As a teenager in Spokane, Washington, I avoided parties and alcohol for fear of letting my guard down enough to rouse suspicion about my sexuality. The only relationship I had was with a boy whose parents sent him to a therapist to cure his “homosexual tendencies.” We mostly avoided each other at school, but at night night we snuck out of our houses and hooked up in a nearby baseball field. In hindsight, the story sounds strangely romantic, like a country song, but at the time it mostly felt terrifying.
In November 2010, I was a junior in high school, feeling an a vague sense of hopelessness which so often defines one’s life in the closet, when, of all things, an episode of Glee changed my life.
I was never a dedicated viewer of the show, but it often aired while I did my schoolwork, so I’d watch absently. The episode “Never Been Kissed” follows Kurt, (Chris Colfer) as he goes undercover to spy on a rival glee club. His attempt at subterfuge is foiled by an encounter with the opposing club’s star singer Blaine (Darren Criss), for whom he immediately develops feelings. The climax arrives, as usual, in an a capella performance of a pop song. In this case, it was Blaine publicly serenading Kurt via Katy Perry’s “Teenage Dream.”
One of the complaints often lodged against Glee concerns its debilitating self-seriousness, but that episode was the first time I’d seen a depiction of two men falling in love that never cast their affection as comic or tragic and it felt revolutionary. Even the overwrought quality of the scene felt apropos, for what is adolescenceparticularly queer adolescencedefined by if not an overwhelming excess of feeling?
The first song off of Katy Perry’s successful album of the same name, “Teenage Dream” concerns a lover so incredible he makes Perry “feel like [she’s] livin’ a teenage dream.” The rest of the album is Perry at her most potentlurid, uber-feminized, and knowingly tacky. Perry’s chief aesthetic virtue has always been her ability to assert her own agency by imbuing pop music’s glaring superficiality with a kind of wink-and-nudge knowingness, and songs like “Last Friday Night” and “Peacock” are perfect vehicles for that brand of ironicism.
“Teenage Dream” is different. It’s a song, one perhaps fully singular among Perry’s oeuvre, committed to earnestness. It oscillates between cliche (“I finally found you, my missing puzzle piece”) and moments of quiet poignancy (“We drove to Cali and got drunk on the beach”), capturing if not the substance, then the texture of being young.
Certainly, my love of this particular episode of television and Katy Perry song sounds quaint and provincial. That’s precisely the point. I (like I suspect the majority of people who grew up outside urban centers in the 2000s) rarely saw other queer people openly living their lives, and it was therefore difficult to imagine what my own might look like.
For a while, although I knew that I was gay, I assumed I’d marry a woman. The idea of doing anything else never crossed my mind; I didn’t realize any alternative was possible. Something like an episode of network television showing two men earnestly in love, therefore, was capable of taking on an epic cast.
It also occurs to me, in the clear light of morning through which we view our pasts, that the choice of “Teenage Dream” as the anthem for a queer love story was not accidental. The notion of a teenage dream carries particular weight for queer viewers, to whom the full scope of teenage experience is often denied. The usual trials of adolescent growthfirst kiss, first relationship, the beginnings of physical intimacyoften occur later in life, out of step with others. Within the queer community, the notion of a “second adolescence” has been used as a way to describe the arc of post-closet life.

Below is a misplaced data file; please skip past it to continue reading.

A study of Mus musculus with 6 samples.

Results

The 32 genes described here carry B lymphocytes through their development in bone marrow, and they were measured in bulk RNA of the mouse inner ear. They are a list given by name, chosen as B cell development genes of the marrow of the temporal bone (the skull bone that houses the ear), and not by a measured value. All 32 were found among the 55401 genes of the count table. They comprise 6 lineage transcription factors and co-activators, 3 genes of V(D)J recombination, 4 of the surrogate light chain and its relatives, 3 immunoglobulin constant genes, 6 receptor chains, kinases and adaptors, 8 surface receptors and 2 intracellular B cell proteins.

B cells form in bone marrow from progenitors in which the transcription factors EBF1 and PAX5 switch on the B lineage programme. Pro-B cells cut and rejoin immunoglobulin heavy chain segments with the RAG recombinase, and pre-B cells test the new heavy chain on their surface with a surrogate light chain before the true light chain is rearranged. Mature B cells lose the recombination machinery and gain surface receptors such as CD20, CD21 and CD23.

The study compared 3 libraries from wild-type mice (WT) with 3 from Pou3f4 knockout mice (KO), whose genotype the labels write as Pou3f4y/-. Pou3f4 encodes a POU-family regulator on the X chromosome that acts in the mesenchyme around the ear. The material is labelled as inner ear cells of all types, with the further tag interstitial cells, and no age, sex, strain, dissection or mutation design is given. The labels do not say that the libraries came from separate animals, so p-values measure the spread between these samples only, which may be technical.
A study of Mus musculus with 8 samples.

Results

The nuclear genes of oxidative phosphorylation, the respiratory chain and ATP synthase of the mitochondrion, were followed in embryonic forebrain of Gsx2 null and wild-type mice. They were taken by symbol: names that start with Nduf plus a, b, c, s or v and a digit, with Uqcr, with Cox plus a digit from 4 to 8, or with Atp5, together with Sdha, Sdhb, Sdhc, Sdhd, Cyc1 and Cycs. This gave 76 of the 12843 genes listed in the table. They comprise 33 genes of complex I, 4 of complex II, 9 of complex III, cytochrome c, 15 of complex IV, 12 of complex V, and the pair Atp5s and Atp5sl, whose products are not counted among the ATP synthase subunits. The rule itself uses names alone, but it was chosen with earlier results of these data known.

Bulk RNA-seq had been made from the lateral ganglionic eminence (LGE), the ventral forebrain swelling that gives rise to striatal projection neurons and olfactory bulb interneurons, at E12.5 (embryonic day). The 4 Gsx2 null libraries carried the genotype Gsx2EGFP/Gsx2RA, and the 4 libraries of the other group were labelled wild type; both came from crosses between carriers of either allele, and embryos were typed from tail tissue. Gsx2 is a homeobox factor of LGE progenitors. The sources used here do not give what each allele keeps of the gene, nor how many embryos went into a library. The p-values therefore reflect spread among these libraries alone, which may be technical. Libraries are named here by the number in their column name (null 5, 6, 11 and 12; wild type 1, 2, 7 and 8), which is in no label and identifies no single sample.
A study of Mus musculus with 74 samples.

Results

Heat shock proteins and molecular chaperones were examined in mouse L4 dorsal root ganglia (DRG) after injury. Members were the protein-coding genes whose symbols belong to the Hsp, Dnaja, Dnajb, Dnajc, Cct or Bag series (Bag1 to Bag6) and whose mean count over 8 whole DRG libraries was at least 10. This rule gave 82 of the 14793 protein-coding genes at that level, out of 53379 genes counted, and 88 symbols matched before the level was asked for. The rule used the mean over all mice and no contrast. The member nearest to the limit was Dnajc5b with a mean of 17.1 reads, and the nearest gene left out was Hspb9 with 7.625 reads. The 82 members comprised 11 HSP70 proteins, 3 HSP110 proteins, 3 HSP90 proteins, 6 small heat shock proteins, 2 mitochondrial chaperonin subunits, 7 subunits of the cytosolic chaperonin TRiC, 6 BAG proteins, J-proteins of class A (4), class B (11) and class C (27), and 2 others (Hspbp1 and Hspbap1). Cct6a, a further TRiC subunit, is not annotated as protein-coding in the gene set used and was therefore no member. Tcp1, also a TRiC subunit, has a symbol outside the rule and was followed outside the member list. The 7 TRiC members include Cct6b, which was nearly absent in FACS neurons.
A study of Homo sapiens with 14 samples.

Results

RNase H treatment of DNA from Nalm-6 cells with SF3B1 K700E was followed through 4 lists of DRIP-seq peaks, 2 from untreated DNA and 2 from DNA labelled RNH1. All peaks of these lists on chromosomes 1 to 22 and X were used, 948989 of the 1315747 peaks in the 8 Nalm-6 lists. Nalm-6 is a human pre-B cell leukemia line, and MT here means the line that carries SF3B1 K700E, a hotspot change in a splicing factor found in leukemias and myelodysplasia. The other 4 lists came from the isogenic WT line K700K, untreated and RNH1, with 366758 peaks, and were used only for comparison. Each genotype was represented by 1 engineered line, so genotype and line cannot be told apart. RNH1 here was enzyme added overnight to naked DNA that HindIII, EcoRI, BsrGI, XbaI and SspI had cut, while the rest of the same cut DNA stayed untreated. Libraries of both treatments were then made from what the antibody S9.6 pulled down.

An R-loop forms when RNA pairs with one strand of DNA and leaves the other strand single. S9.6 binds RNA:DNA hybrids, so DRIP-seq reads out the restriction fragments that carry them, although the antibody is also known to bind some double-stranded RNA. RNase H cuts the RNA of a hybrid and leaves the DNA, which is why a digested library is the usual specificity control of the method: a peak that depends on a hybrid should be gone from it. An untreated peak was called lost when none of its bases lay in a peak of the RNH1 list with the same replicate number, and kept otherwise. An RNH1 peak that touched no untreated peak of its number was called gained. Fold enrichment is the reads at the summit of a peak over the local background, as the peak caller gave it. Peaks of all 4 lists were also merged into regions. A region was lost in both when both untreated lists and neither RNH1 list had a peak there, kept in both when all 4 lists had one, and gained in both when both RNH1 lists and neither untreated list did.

This idea was articulated most clearly in a Twitter thread by writer and activist George M. Johnson. “Many of us who are LGBTQ go through a second adolescence because our first (5-18 yo) is about suppressing identity,” he says. “ So when we do get into our 20’s we make A LOT of mistakes that most attribute to younger people because we never got to be younger people in our true identity.”
By the time I underwent many of the teenage rites of passage, I was in my early twenties, immersed in the anxieties of adulthood, and unsure how to navigate my inexperience. Even now, my understanding of dating and romance is colored by those years spent adrift in a sea of people who seemed free to do and love and scream and kiss and drink and fuck as they pleased, while I felt very strange and alone.
I wonder how the insidious legacy of such isolation might take shape in an entire population of people, and how many of those people might still be living in such a state. This seems to me to be a somewhat unexamined, or at least unarticulated, facet of queer experience. Consider what could be accomplished if we spoke of it more often. We can’t reclaim our youths, but perhaps it would quell some of our disquiet to know that others have made the same voyage across that lonely sea.
The other night, I went on a date. We went to an out-of-the-way gay bar across town from where I live. It was karaoke night, and as my date and I sipped beers and talked, “Teenage Dream” began to play over the speakers. I was surprised at how emotional I became. I realized that even now that song still manages to move me. Its effects have changed somewhatwhere once it felt like an elegy, now it feels exorcising. I still mourn for the years so many are forced to surrender, but I can’t help but feel grateful that I made it safe to the opposite shore.
Still, some small, secret version of myself, the version that lives out past the borders of convention and good taste, longs to be serenaded by a boy I love to the tune of “Teenage Dream.”